University researchers receive grant to study biofuel

AddThis

Brandon Campitelli, a postdoctoral fellow with UT’s integrative biology department, stands among samples of panicgrass in the Welch roof greenhouse. University researchers will receive $15 million in government grant funding to lead a national study on the biofuel potential of the switchgrass and panicgrass crops, housed in the rooftop greenhouse.
Photo Credit: Matt Robertson | Daily Texan Staff

The light-brown prairie grass that fills the greenhouse on the roof of Welch Hall might look plain, but the undergraduate students analyzing samples in the adjacent laboratory are working to maximize its full potential.

University researchers will receive $15 million in government grant funding to lead a national study on the biofuel potential of the switchgrass and panicgrass crops, housed in the rooftop greenhouse. Portions of the funding are earmarked for a Freshman Research Initiative course and undergraduate lab internships. Large-scale production of biofuels can reduce the climate change effects of fossil fuels, according to University researchers.

Thomas Juenger, a UT researcher who runs an integrative biology lab, will direct the research across the country. To rapidly develop a biofuel candidate, Juenger said his team will use genomic selection to reduce the time it takes to breed traits into the crop.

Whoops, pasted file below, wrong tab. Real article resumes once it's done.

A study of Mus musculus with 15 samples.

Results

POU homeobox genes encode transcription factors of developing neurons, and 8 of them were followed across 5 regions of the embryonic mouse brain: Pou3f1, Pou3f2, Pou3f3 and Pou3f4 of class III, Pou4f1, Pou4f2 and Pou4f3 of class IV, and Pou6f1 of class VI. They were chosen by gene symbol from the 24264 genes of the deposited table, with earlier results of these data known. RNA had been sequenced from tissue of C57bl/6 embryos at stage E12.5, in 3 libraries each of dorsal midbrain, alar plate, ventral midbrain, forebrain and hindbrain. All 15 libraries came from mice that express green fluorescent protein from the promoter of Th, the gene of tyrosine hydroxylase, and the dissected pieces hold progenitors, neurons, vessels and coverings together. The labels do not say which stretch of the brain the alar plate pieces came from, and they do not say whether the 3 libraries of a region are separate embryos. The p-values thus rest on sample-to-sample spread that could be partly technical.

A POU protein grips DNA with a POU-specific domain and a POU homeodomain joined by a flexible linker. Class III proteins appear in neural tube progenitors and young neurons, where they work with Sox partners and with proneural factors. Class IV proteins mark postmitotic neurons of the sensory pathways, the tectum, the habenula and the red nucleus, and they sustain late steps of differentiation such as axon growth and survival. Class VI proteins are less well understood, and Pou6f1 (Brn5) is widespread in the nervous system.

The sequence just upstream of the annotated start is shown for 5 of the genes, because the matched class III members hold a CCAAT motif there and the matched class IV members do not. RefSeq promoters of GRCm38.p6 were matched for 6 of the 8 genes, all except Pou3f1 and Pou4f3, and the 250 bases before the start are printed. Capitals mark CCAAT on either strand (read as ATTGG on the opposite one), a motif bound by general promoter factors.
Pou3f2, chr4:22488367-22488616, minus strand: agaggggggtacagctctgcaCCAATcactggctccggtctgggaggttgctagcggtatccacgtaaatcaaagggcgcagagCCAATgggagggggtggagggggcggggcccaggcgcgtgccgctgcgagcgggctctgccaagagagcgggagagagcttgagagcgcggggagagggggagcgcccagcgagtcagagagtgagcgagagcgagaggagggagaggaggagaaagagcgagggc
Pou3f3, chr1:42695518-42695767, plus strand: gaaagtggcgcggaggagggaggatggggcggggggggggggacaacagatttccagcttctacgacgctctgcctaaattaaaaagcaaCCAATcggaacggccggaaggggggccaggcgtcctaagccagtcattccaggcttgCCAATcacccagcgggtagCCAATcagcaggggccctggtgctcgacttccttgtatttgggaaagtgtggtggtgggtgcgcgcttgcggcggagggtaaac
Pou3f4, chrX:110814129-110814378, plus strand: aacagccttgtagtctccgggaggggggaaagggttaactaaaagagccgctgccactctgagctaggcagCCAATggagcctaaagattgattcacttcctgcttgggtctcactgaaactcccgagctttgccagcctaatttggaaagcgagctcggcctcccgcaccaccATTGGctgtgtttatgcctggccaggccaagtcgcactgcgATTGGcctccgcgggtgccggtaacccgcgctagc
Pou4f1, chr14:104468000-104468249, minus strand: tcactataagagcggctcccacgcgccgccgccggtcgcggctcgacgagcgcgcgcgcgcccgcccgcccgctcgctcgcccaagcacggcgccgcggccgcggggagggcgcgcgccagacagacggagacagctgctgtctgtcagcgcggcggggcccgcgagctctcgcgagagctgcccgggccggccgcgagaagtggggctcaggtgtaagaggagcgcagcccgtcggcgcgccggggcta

“The grant is a large collaborative project,” Juenger said in an email. “UT will act as a hub for interaction, data sharing and integration.”

Brandon Campitelli, who teaches the Biology of Biofuels course in the initiative, said the new grant funding will allow researchers to grow switchgrass at test plots across the country in order to study the genes responsible for traits that are beneficial in certain regions.    

“If this is going to become a major biofuel candidate, then we want to know how it’s going to perform at all these different locations,” Campitelli said.

Public health junior Nicole Carrabba, who began working with the Juenger Laboratory after taking the Biology of Biofuels course, is currently studying variation in switchgrass seed size.

“I saw biofuels, and I was like, ‘it’d be really cool to contribute to something so important,’” Carrabba said. “I can be a little, small part to the puzzle.”

In addition to supporting the biofuels course, the funding also includes “Research Experiences,” undergraduate research internships.

“One of our ideas in the future … will be to hire students using these Research Experience grants to send them to some of these locations and actually do research with [collaborating institutions] there,” Campitelli said.

The Freshman Research Initiative allows students gain experience that can lead to future laboratory positions, according to Erin Dolan, executive director of the program that oversees the freshman research initiative.

“FRI is really our gem, a major program that involves students in doing the work of science,” Dolan said.